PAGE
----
OWENSBORO, Ky. (7/10/13) – The city of Owensboro and Owensboro Public Schools has been taking the fight against hunger to the streets this summer, ensuring that children who otherwise might have to go without meals will have a chance to eat while school is not in session.
Marissa Lee, of the Owensboro Museum of Science and History, coordinates the Summer Feeding Program at the Museum.
“It’s kind of a guessing game,” said Lee. “Some days we’ve fed 200 kids, and some days we have fed 30.”
Lee also said that the museum has never had to turn away anyone because the facility staff hadn’t ordered enough food. Also, in conjunction with the Summer Feeding Program, Lee said that the Museum offers free membership to low income families so that children can partake in the Museum’s summer programs.
“It kind of makes us more approachable to the community,” said Lee.
Lisa McCarty, Director of Owensboro Public School Food Services, coordinates the Summer Feeding Program for the school system. She provided the following information regarding the number of meals and snacks served in the month of June. A combined 3,000 breakfasts, 13,640 lunches, 3,000 snacks, and 13,000 dinners were served at all 23 sites in Owensboro and Daviess County.
Lisa Reese, an employee with the Cliff Hagan Boys and Girls Club in Owensboro, said that on average, the Club served about 225 lunches and snacks each day.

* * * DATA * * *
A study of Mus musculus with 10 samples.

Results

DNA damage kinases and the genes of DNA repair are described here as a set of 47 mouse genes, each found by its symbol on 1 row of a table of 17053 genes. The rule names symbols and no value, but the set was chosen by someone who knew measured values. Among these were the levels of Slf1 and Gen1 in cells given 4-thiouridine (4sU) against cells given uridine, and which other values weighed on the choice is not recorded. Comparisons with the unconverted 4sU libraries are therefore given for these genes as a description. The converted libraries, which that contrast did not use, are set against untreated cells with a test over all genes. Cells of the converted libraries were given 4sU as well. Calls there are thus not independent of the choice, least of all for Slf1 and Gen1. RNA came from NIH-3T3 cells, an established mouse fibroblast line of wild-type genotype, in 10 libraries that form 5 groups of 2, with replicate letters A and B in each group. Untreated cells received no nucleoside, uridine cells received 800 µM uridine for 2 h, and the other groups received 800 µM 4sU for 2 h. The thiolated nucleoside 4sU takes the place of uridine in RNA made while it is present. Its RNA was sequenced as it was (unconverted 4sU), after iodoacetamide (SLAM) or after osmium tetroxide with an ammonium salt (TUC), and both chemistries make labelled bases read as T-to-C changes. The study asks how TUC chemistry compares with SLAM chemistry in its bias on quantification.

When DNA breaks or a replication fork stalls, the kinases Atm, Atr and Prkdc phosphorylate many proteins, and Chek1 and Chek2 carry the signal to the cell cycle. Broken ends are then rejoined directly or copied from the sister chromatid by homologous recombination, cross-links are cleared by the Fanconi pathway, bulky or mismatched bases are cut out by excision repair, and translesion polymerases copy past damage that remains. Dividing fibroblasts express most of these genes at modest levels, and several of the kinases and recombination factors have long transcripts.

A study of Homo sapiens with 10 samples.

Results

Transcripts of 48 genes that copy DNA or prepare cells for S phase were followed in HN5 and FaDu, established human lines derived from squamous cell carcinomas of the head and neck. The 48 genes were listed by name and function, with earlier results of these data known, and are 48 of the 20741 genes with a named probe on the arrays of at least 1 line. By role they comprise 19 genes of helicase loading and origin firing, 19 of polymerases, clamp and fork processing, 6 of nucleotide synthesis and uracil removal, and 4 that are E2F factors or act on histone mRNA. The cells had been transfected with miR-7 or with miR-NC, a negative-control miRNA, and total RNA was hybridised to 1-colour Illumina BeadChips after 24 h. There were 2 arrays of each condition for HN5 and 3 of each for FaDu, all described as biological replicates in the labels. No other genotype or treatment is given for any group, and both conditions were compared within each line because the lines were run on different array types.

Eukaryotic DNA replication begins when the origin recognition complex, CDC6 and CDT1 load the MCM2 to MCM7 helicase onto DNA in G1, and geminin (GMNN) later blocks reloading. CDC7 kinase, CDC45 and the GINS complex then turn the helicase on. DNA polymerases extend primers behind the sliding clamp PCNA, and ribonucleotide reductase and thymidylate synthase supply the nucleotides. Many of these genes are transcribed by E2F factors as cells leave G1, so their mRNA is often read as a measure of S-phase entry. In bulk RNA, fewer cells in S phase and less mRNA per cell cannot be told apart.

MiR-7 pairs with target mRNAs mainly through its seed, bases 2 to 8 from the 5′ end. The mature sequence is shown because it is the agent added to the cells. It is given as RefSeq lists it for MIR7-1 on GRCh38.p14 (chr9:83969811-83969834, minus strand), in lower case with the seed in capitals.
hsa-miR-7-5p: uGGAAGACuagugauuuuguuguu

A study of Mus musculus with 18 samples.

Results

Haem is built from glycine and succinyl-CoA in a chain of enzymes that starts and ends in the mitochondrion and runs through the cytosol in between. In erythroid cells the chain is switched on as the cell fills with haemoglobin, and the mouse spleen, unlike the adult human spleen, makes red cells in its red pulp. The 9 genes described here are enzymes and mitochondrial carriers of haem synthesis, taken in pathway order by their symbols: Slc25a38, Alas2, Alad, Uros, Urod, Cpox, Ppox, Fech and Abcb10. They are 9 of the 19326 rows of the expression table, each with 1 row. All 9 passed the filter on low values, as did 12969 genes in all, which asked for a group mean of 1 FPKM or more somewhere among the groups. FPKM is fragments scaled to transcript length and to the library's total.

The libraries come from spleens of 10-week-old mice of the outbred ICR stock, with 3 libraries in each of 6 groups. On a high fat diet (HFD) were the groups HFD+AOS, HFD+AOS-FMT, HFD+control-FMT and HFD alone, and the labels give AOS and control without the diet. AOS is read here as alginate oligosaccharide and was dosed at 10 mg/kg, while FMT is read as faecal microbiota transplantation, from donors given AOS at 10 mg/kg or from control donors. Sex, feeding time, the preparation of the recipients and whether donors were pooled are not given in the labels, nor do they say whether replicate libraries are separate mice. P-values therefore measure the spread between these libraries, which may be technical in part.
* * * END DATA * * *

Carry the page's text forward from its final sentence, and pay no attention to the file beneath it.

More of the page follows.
“The kids like it because some of them would not have a chance to eat otherwise,” said Reese. “Of course some kids are more picky eaters than others, but generally they like the food.”
Reese said that the lunches usually consist of a sandwich, milk, fruit, and cookie or Popsicle.
Courtney Calhoun works with Girls, Inc. on 19th Street in Owensboro.
“We serve anywhere from 60 to 80 lunches and snacks a day at this location,” said Calhoun. “A couple of days a week, the program provides hot lunches like Mcribs, cheeseburgers, or Hamburgers and the kids absolutely love those days.”
Calhoun went on to say that parents are particularly appreciative of the program because without it, the parents or Girls, Inc. would have to provide food for the children.
“For some parents, that’s very hard to do,” said Calhoun.
Deanna Sanders, an employee with the Owensboro Independent School System, told SurfKY News on Monday that from May 20 through July 26, and in some locations through Aug. 2, meals will be served to children ages 18 and under. The only stipulation is that meals must be eaten on site.